Cologuard: Is At-Home Test Really as Good at Detecting Cancer as a Colonoscopy?

Cologuard

Skip the dreaded colonoscopy in favor of a less invasive option. No prep. No going under anesthesia. And done in the privacy of your own home. But is the Cologuard test really the best at detecting and preventing colon cancer? Experts say there is more to consider.

Cologuard, the only at-home screening for colorectal cancer approved by the Food and Drug Administration, is a stool test based on two components: stool occult blood like a fecal immunochemical test (FIT) and stool DNA. It’s intended for people between the ages of 45 and 84 and can be ordered by a gastroenterologist or a primary care doctor. The test is sent to you in the mail, you collect a stool sample and then mail back everything.

It’s a user-friendly option that’s attractive to people because of its convenience and lack of prep – what most people say is the biggest negative of a colonoscopy.

So what’s there not to love?

According to Dr. Neil Parikh, a gastroenterologist at Hartford Hospital’s Digestive Health Center, what sets the two tests apart has everything to do with the goal of the test in the first place.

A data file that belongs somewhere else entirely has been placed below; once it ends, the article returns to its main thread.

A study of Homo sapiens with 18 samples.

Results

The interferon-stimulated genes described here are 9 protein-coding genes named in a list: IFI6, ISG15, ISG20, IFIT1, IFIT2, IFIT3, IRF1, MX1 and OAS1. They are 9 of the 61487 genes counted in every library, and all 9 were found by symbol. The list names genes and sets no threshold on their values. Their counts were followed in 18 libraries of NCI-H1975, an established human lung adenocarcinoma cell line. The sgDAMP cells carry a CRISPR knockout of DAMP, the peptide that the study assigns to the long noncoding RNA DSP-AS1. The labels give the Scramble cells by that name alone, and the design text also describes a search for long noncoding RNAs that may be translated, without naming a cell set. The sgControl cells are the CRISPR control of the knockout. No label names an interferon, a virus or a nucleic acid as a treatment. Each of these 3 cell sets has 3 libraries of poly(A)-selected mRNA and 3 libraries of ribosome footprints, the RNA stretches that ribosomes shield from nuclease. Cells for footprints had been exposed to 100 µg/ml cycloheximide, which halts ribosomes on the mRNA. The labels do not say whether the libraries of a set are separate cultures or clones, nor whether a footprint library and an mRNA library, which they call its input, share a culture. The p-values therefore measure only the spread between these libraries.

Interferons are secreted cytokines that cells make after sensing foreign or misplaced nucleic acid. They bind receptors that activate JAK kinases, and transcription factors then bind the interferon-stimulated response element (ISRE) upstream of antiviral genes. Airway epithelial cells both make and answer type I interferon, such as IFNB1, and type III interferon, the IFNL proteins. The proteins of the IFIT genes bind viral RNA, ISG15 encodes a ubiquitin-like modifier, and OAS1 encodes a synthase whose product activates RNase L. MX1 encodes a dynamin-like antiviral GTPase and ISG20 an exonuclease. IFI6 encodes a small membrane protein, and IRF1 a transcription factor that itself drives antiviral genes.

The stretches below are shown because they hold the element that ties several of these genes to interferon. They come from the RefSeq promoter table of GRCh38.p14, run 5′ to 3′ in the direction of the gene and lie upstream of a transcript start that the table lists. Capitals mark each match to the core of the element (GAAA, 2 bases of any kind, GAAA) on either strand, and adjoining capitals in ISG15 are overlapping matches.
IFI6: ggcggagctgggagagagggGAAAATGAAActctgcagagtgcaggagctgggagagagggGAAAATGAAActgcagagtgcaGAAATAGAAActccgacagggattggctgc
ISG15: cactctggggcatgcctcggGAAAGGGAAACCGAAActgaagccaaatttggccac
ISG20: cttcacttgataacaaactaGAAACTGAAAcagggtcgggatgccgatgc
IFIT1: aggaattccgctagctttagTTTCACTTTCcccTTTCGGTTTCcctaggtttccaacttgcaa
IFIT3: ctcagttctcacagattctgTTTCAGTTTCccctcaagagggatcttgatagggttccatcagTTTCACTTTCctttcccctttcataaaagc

“If the goal is to prevent colon cancer, then a colonoscopy is truly the best test there is,” he said. “It’s the only test where you can find a polyp in the colon before it turns into cancer. Cologuard is a detection test that will identify if you have an advanced lesion in that moment.”

As with any type of cancer, the earlier you detect it, or prevent it, the better outcome you’ll have.

“We get concerned when patients say they had a negative Cologuard test,” said Dr. Parikh, “because it means the patient doesn’t have cancer in this moment. It does not tell us if the patient has polyps or not. People need to take the test again in three years. If you have a negative colonoscopy, you usually won’t need another one for 10 years because that’s how long it typically takes for a polyp to turn into cancer.”

This is a main reason Cologuard is controversial. Some believe it has been falsely marketed as a replacement for colonoscopy.

How accurate is Cologuard? It was 92 percent effective in detecting colorectal cancer, 69 percent effective in detecting polyps with high-grade  dysplasia and 42 percent effective in detecting advanced precancerous lesions in a study of 10,000 patients published in the New England Journal of Medicine in 2014. It identified actual negative results only 87 percent of time, compared with 95 percent of the time for a FIT.

Another point to consider: If a Cologuard test is positive, you’ll still need a colonoscopy, but your insurance company won’t consider it a screening test anymore, and the colonoscopy won’t be covered by your insurance.

If a positive Cologuard test will lead to a colonoscopy anyway, why not start with the gold standard?

Despite all these considerations, Dr. Parikh says any screening is better than none.

“I would rather Cologuard than nothing at all,” he said. “Sometimes it’s could be an option for those ages 45 to 50, when insurance companies are iffy about covering a colonoscopy.”

To learn more about colonoscopy, and take the first step in scheduling one, click here.